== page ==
BEIJING, Aug. 3 (Xinhua) -- The Democratic People's Republic of Korea (DPRK) on Wednesday fired a ballistic missile, two weeks after three short-range ballistic missiles were test-fired in a show of force against the decision by Seoul and Washington to deploy a Terminal High Altitude Area Defense (THAAD) missile shield in South Korea.
The missile was launched eastward from South Hwanghae province at about 7:50 a.m. local time (2320 GMT Tuesday), said the South Korean Joint Chiefs of Staff on Wednesday.
South Korea's Yonhap News Agency cited a government official as saying that the missile appeared to be a Rodong-type medium-range missile that flew about 1,000 km.
The South Korean Defense Ministry was not immediately available for comment about the type of missile that was fired.
The launch came after the DPRK test-fired two medium-range Rodong ballistic missiles and one shorter-range Scud missile on July 19 in an apparent protest against the decision to deploy THAAD system on South Korean soil.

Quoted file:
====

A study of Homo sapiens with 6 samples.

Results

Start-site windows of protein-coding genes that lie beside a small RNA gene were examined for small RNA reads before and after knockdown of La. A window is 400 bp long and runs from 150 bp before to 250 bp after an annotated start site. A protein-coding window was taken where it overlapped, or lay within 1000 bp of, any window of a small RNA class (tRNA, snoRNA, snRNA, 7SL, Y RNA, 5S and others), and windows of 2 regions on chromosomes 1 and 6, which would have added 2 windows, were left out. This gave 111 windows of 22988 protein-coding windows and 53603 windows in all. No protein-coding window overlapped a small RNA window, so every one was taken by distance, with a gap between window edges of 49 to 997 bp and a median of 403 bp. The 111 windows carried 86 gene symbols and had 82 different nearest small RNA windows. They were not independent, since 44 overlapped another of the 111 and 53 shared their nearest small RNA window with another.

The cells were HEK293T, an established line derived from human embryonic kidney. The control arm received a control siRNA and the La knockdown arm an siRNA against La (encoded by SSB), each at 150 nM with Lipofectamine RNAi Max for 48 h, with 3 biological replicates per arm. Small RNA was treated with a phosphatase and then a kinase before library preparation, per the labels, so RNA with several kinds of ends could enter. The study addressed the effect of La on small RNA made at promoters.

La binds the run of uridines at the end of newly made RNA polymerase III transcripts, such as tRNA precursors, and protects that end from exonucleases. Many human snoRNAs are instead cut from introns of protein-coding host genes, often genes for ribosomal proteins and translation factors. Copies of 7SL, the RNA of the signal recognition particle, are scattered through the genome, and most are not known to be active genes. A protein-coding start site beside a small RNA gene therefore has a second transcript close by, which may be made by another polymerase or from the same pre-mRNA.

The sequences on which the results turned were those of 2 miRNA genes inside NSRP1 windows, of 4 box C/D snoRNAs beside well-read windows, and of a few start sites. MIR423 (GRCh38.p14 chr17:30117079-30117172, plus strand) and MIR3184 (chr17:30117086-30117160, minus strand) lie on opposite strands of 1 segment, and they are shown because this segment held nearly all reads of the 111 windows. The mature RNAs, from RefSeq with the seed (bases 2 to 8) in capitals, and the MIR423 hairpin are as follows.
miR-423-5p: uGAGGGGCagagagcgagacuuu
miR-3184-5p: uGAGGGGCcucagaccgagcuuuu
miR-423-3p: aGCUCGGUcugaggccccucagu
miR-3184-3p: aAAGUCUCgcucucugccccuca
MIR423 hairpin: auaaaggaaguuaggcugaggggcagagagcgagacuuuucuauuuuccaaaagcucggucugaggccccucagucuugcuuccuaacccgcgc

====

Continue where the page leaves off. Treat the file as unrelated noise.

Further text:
On July 8, South Korea and the United States abruptly announced an agreement to deploy one THAAD battery by the end of next year. Five days later, the deployment site was designated at Seongju county, some 250 km southeast of Seoul.
One day after the announcement, Pyongyang test-fired a submarine-launched ballistic missile off its east coast. In times of military conflict, it is hard to detect and track such missiles with THAAD's X-band radar.
THAAD is incapable of intercepting Rodong and Scud missiles targeting South Korea as the DPRK missiles fly at an altitude of 20-30 km. The THAAD system is designed to shoot down missiles at a much higher altitude of 40-150 km.
The DPRK military has threatened to take "physical measures" against THAAD deployment.
China and Russia are strongly opposed to the THAAD deployment in South Korea as it raises tensions in Northeast Asia.
After the latest DPRK missile launch, Japanese Defense Minister Gen Nakatani said on Wednesday that the DPRK missile launch was a "serious threat" to Japan's security and ordered the nation's Self-Defense Forces to be on high alert.
Jeong Se-hyun, a former South Korean unification minister, told Xinhua on Monday that the agreement on THAAD deployment has cost South Korea much of its diplomatic clout in Northeast Asia, which it needs to deal with the DPRK's nuclear issue.